What Is Our Moral Obligation?

ASAK. I was raised Roman Catholic; and for many years, I attended catechism (the equivalent of Sunday school). When I was 15 or 16 years old, my class was taught by a husband and wife, whose goal was to teach us how to live a moral life in an increasingly immoral world (this was the 1970s after all).

One evening, the husband and wife told a story about a fraternity party they had attended in college. The party was also an initiation for the fraternity, and as the evening wore on, several people had to commit immoral acts in front of the rest of the partygoers. The husband and wife made a big fuss about how horrible this was.

I was confused and asked them if they had tried to stop these things from happening. They said no. I then asked them if they had at least left the party. They said no, they had sat in the corner and not watched. I never attended the class again. There was nothing they could teach me about morals if they believed it was okay to sit in a corner and not watch while something they felt was wrong was happening in front of them.

Later in life, I was impressed by the hadith of the Prophet (SWT) (Narrated by Abu Sa’d al Khudri (Sahih Muslim, Hadith 79): “He who amongst you sees something abominable should modify it with the help of his hand; and if he has not strength enough to do that, then he should do it with his tongue; and if he has not strength enough to do even that, then he should (at least abhor it) from his heart; and that is the least of faith.” (There is an interesting discussion of this topic at http://www.islamicperspectives.com/CommandingGood.htm)

The story from my youth and this hadith go a long way in explaining why I felt compelled to speak up about the expansion project. When I took a hard look at the expansion project, it didn’t make sense to me from a financial standpoint. When I asked specific questions, I was given vague, nonspecific answers. When I asked to see studies or projections, they weren’t given to me. When I made recommendations, I was told that they would let the expansion committee know. So what should I have done?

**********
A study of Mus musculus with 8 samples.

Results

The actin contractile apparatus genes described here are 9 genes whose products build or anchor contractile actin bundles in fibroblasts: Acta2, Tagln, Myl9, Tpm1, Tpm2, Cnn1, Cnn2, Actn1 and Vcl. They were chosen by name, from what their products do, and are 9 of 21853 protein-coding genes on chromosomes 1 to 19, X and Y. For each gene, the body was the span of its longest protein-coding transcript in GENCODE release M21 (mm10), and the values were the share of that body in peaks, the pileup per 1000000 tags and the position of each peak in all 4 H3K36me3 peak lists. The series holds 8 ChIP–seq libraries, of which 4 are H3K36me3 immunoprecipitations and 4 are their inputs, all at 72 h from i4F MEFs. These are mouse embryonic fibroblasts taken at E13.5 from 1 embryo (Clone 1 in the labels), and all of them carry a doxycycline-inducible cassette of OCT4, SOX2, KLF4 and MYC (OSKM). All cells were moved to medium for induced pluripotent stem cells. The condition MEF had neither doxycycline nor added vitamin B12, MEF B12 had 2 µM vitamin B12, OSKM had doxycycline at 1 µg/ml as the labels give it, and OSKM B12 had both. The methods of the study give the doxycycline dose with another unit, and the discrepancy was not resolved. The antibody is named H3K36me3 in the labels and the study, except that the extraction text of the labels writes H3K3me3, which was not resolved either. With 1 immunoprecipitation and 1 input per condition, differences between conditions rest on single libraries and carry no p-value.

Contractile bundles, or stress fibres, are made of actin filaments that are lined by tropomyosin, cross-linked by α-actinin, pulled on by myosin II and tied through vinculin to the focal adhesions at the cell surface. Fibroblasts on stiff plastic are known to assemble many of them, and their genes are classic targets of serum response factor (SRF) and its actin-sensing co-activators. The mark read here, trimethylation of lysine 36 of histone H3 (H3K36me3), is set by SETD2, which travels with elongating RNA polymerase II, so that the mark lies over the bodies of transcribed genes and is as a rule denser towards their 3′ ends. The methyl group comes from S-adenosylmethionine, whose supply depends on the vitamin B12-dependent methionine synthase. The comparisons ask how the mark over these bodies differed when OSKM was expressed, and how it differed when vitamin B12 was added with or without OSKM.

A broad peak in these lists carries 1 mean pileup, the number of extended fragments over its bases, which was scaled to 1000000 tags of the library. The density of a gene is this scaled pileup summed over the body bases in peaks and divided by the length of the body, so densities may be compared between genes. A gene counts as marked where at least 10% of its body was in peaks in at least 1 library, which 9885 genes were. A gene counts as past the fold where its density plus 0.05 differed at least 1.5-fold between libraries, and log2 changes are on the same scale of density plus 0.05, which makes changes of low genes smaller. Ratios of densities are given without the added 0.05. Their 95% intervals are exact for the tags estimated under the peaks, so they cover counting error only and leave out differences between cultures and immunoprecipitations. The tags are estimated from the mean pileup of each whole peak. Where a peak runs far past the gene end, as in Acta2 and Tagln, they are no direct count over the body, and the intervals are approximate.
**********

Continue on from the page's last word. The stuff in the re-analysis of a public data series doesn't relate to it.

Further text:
I could have decided to make no further donations to the project and let the rest of the community worry about it. I could have complained to other people, quietly and behind the backs of the Administration. I could have waited for someone else to address the issues, silently agreeing but never raising my voice. But I believed those actions were wrong when I was 16 years old. Now that I am many, many years older and supposedly wiser, why would I select one of those options now?

I thought this was the community’s organization and that we were supposed to care about it. I thought we were all working together to make sure that we made the right decisions for the organization, especially when those decisions will impact our children and our grandchildren. I thought that if I brought legitimate concerns to the Administration and to the community, that those concerns would be addressed thoughtfully and intelligently. I thought I was questioning a plan, not the people who came up with that plan.

But in the end, I had no choice. I believe that it was my moral obligation, as a concerned member of this organization, to raise these issues.  And I believe that together we can find a better solution than we can apart. But to do that, the Administration has to take the community’s concerns seriously, not pretend that they don’t exist, and work with the community to come up with a viable solution.

Ann O’Brien Ahmad


3 responses to this post.

  1. Posted by Yousuf S on April 13, 2012 at 6:14 pm

    Bravo Sr Ann. No one should doubt your sincerity and intentions after reading this. Your comments should inspire those of us that call ourselves ‘born muslims’!


  2. Posted by Shahab Khan on August 5, 2012 at 9:58 am

    I concur.


  3. Posted by Saad on August 5, 2012 at 4:23 pm

    Sister Ann, Jazakallah Khair for you efforts. I totally agree that members of the organization should take a stance on what they believe is right. May Allah Ta’ala guide our community into making the choice that is on our best interest and the best interest of our future generations.